By Liz JassinChris Cuomo,
( NewsNation ) — Vaping has taken hold of children and teens, over 2 million of whom indulge in the habit, according to the Centers for Disease Control and Prevention.
Dorian Fuhrman, co-founder of Parents Against Vaping e-cigarettes (PAVe), told NewsNation’s Chris Cuomo on Monday that no amount of nicotine is safe for adolescents with still-developing brains. The CDC says adolescent brain development continues into their early to mid-20s.
“Juul created the youth vaping epidemic,” Fuhrman said of the troubled electronic cigarette maker.
In December, Juul reached settlements covering thousands of lawsuits over its e-cigarettes.
The company faced more than 8,000 lawsuits brought by individuals and families of Juul users, school districts, city governments and Native American tribes. The financial terms of the settlement were not disclosed.
Juul rocketed to the top of the U.S. vaping market more than five years ago on the popularity of flavors like mango, mint and creme brulee. But its rise was fueled by use among teenagers, some of whom became hooked on Juul’s high-nicotine pods.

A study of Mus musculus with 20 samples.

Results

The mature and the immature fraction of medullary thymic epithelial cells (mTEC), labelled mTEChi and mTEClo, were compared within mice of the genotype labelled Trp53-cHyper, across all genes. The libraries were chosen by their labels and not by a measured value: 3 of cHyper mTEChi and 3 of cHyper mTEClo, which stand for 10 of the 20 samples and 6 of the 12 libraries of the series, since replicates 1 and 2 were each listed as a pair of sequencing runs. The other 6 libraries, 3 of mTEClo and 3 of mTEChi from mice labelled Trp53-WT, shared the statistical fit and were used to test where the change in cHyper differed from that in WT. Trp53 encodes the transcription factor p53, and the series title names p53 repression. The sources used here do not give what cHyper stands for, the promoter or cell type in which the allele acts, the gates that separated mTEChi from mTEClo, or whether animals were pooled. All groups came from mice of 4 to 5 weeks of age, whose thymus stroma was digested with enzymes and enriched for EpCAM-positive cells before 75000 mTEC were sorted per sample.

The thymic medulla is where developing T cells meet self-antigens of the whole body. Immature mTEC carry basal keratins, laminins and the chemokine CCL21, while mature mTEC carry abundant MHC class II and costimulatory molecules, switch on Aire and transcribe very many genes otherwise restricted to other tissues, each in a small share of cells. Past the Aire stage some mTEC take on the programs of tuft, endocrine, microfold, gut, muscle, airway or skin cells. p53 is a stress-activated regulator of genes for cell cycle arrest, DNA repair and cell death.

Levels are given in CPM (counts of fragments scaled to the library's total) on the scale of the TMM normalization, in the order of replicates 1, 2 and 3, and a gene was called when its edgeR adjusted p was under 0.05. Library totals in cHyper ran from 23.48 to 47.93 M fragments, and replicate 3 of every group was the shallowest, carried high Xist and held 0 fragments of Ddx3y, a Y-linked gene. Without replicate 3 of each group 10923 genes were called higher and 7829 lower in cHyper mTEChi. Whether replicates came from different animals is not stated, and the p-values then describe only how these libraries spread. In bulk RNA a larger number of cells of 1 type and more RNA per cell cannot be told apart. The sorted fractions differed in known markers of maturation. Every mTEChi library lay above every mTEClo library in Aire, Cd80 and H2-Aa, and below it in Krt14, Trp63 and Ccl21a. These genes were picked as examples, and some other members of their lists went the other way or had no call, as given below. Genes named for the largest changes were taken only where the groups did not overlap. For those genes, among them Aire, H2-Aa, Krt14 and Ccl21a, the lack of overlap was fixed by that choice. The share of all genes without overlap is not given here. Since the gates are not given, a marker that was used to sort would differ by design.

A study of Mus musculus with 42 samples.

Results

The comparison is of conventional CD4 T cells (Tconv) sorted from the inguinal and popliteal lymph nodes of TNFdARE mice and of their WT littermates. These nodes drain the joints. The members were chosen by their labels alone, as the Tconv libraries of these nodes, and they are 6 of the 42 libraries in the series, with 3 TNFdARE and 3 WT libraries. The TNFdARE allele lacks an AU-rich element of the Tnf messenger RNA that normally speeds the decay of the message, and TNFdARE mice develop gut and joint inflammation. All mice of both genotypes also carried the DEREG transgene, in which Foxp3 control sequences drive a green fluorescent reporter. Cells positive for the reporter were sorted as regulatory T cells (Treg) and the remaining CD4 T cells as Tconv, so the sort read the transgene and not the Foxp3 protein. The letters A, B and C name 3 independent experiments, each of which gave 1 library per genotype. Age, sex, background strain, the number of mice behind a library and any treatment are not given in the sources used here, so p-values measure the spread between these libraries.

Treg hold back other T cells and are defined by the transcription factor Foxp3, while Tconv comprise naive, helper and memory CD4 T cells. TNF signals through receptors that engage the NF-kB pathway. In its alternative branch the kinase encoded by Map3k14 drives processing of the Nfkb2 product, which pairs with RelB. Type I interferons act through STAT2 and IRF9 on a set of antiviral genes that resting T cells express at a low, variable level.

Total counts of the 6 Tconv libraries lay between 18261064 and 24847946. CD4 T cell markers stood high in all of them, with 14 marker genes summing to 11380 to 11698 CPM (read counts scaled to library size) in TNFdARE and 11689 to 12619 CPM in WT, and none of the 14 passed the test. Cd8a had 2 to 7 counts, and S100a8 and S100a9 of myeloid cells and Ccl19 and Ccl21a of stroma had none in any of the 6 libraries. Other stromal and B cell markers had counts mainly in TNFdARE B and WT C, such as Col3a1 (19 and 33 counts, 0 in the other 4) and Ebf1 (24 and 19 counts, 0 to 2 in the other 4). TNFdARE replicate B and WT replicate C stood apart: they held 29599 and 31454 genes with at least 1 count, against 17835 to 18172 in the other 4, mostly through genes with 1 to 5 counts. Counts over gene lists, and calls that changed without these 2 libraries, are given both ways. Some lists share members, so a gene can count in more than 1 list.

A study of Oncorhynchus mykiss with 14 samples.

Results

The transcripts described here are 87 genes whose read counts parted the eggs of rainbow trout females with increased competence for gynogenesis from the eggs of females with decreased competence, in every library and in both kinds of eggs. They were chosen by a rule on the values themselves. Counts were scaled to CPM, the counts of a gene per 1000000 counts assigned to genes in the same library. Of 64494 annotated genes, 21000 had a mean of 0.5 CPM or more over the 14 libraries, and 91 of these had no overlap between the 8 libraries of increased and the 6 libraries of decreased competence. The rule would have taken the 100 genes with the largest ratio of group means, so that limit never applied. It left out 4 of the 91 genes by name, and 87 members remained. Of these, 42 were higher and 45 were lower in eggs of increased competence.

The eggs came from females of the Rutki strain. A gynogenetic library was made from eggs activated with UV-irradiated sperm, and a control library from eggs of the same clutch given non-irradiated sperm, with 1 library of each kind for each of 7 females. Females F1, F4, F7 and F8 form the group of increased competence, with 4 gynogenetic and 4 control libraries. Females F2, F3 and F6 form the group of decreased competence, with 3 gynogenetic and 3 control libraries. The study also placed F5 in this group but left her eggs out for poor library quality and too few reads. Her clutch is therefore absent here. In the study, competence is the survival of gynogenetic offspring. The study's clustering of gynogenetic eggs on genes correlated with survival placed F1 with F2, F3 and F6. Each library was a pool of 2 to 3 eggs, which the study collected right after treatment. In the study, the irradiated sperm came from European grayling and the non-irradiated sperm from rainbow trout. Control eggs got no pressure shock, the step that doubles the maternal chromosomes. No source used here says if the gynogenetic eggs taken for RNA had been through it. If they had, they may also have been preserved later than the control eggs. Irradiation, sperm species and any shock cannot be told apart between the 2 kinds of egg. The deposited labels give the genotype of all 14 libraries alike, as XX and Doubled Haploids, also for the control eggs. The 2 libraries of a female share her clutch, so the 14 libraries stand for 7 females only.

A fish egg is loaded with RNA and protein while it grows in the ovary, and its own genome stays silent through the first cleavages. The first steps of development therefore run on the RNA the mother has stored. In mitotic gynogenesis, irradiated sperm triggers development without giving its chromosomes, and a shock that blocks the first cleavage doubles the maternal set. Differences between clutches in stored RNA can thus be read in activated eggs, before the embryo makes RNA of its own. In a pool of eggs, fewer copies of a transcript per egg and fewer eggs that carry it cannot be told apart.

The CDC said besides nicotine, e-cigarettes can contain “other harmful substances” as well.
Parents, school administrators and politicians largely blamed Juul for a surge in underage vaping, which now includes dozens of flavored e-cigarette brands that are the preferred choice among teens.
Amid the backlash of lawsuits and government sanctions, Juul dropped all U.S. advertising and discontinued most of its flavors in 2019.
According to the Annual National Youth Tobacco Survey , 14.1% (2.14 million) of high school students reported current e-cigarette use. And 3.3% (380,000) of middle school students reported current e-cigarette use.
Most used flavored e-cigarettes, with fruit flavors being the most popular, followed by candy, desserts or other sweets, according to the CDC.